San Pablo extends moratorium on cannabis clubs
May 01, 2006
Tom Lochner, Contra Costa Times
The San Pablo City Council on Monday extended for a second year a moratorium on the opening of medical marijuana dispensaries, or cannabis clubs. But the council signaled it does not want the issue to drag on for much longer, ordering the city staff to schedule a study session on the matter within a "reasonable" period.
City Attorney Brian Libow warned the council that a cannabis club, or two, could open once the current moratorium expires on May 15, absent any reference to such a business in the city's zoning code.
"They do tend to be magnets for crime ... and other adverse effects," Libow said, urging the council to extend the moratorium.
Buzz Fowler, owner of MEDelivery's Dispensary in unincorporated El Sobrante, said cannabis clubs, if run responsibly, do not generate crime. Fowler, who also runs a medical marijuana delivery service, invited the City Council and staff to see for themselves by visiting his dispensary, which he opened before the Contra Costa County Board of Supervisors enacted a moratorium for unincorporated areas last month.
Fowler and another speaker said San Pablo's council had ample time to craft a regulating ordinance since it first enacted a moratorium on May 16, 2005.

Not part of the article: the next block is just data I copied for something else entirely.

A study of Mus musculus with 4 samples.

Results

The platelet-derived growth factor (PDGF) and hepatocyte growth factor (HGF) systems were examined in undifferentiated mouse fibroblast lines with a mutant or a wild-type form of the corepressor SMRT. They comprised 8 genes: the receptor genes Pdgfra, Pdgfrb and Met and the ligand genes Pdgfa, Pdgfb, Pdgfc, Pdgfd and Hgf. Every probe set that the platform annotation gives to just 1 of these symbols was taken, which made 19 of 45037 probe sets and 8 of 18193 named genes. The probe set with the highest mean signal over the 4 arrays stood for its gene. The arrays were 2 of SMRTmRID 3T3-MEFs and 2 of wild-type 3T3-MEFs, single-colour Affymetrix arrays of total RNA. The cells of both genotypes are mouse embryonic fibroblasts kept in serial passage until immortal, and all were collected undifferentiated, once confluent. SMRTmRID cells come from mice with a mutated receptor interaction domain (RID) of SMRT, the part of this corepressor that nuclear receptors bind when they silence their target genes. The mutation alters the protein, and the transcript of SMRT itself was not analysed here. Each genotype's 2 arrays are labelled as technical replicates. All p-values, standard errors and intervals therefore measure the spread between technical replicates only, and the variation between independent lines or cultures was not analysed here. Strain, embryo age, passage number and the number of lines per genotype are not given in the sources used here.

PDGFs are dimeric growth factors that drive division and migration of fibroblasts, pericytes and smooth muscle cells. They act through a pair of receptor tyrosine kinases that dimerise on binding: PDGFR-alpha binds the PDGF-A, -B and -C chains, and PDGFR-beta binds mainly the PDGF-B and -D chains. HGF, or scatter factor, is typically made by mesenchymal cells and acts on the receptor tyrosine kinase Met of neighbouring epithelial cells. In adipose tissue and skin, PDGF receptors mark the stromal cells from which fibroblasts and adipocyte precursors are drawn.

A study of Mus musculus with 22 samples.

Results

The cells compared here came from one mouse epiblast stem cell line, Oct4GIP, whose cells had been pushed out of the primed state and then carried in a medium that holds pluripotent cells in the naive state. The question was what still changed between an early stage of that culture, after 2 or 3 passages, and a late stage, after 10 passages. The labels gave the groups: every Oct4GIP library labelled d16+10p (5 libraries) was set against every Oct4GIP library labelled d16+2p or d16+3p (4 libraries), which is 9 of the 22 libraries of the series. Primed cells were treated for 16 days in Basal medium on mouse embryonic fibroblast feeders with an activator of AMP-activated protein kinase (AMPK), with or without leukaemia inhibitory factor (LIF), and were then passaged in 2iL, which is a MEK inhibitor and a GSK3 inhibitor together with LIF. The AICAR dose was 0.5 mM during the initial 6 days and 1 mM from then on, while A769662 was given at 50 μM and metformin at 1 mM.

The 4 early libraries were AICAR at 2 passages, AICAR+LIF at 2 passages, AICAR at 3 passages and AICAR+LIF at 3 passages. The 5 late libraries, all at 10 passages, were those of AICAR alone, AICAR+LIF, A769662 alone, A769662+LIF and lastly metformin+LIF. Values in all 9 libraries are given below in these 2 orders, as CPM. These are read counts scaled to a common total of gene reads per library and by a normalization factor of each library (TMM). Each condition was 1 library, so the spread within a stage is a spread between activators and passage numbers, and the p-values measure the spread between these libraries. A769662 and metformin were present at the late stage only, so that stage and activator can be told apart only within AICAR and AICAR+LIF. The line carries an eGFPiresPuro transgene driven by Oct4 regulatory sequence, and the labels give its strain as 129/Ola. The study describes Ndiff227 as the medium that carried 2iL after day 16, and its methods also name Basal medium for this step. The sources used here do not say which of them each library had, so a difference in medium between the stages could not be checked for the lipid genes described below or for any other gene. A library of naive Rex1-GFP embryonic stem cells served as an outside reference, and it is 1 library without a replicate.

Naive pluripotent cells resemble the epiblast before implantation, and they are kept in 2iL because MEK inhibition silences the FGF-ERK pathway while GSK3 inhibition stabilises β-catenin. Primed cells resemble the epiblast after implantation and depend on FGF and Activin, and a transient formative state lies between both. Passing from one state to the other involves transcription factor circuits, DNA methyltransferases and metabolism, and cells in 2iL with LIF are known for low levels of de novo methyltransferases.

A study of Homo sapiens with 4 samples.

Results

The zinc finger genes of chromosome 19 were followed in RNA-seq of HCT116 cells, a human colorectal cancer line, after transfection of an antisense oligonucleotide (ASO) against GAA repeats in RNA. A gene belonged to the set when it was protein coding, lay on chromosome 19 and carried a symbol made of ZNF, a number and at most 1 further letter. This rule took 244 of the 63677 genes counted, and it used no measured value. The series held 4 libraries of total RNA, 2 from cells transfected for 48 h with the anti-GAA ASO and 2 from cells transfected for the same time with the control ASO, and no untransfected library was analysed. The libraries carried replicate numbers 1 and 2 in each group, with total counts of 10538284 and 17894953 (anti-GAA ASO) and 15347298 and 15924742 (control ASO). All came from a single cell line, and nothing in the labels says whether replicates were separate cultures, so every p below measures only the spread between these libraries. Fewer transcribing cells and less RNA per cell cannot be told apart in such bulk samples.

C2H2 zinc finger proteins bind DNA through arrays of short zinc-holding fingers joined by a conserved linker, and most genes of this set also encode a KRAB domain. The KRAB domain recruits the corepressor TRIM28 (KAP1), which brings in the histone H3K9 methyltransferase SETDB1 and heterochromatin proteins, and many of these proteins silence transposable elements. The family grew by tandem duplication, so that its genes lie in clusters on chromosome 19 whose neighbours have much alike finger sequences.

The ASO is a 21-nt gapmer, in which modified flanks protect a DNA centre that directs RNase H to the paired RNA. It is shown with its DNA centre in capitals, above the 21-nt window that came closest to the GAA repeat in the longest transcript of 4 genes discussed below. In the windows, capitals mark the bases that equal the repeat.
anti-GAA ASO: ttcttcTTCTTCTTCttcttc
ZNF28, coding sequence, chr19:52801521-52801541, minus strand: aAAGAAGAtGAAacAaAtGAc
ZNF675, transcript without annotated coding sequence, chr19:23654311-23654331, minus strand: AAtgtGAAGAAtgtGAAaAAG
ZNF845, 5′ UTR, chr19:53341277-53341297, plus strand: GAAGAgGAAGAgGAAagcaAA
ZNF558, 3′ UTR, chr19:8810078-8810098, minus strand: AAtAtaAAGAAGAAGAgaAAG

Libow said he could draft an ordinance to regulate cannabis clubs, as more than 20 California cities have done, or ban them, as about 15 cities have. But instead, he recommended the one-year moratorium extension to allow more time for the ongoing conflict between the federal government and the state over medical marijuana to play out. About 50 California cities have moratoriums on the opening of cannabis clubs.
In 1996, California voters passed the Compassionate Use Act, which allows the medical use of marijuana on the recommendation of a doctor. But the federal government classifies marijuana as an illegal drug with no medical use.
A 2005 U.S. Supreme Court ruling affirmed the federal government's right to prosecute people who use medical marijuana even in states where it is legal.
Libow said the federal-state conflict raises the question whether a City Council that "permits" cannabis clubs could be considered to "aid and abet the commission of a federal crime."
A public speaker challenged that notion, saying no local official had ever been prosecuted on such grounds.
Councilman Paul Morris said a cannabis club is "not needed" in San Pablo if only because the one in El Sobrante is close by.
Morris moved to adopt the moratorium, with Councilman Joe Gomes seconding.
Councilman Leonard McNeil and Councilwoman Sharon Brown questioned the need for extending the moratorium for a whole year, and recommended a prompt study session.
Mayor Genoveva Garcia Calloway suggested Morris amend his motion to include the promise of a study session; Gomes concurred. While the motion did not specify what a "reasonable" time is, council members had talked about three months in the discussion before the vote.
The one-year moratorium extension passed 5-0. Afterward, Libow said he expects the council to hold a study session within three or four months.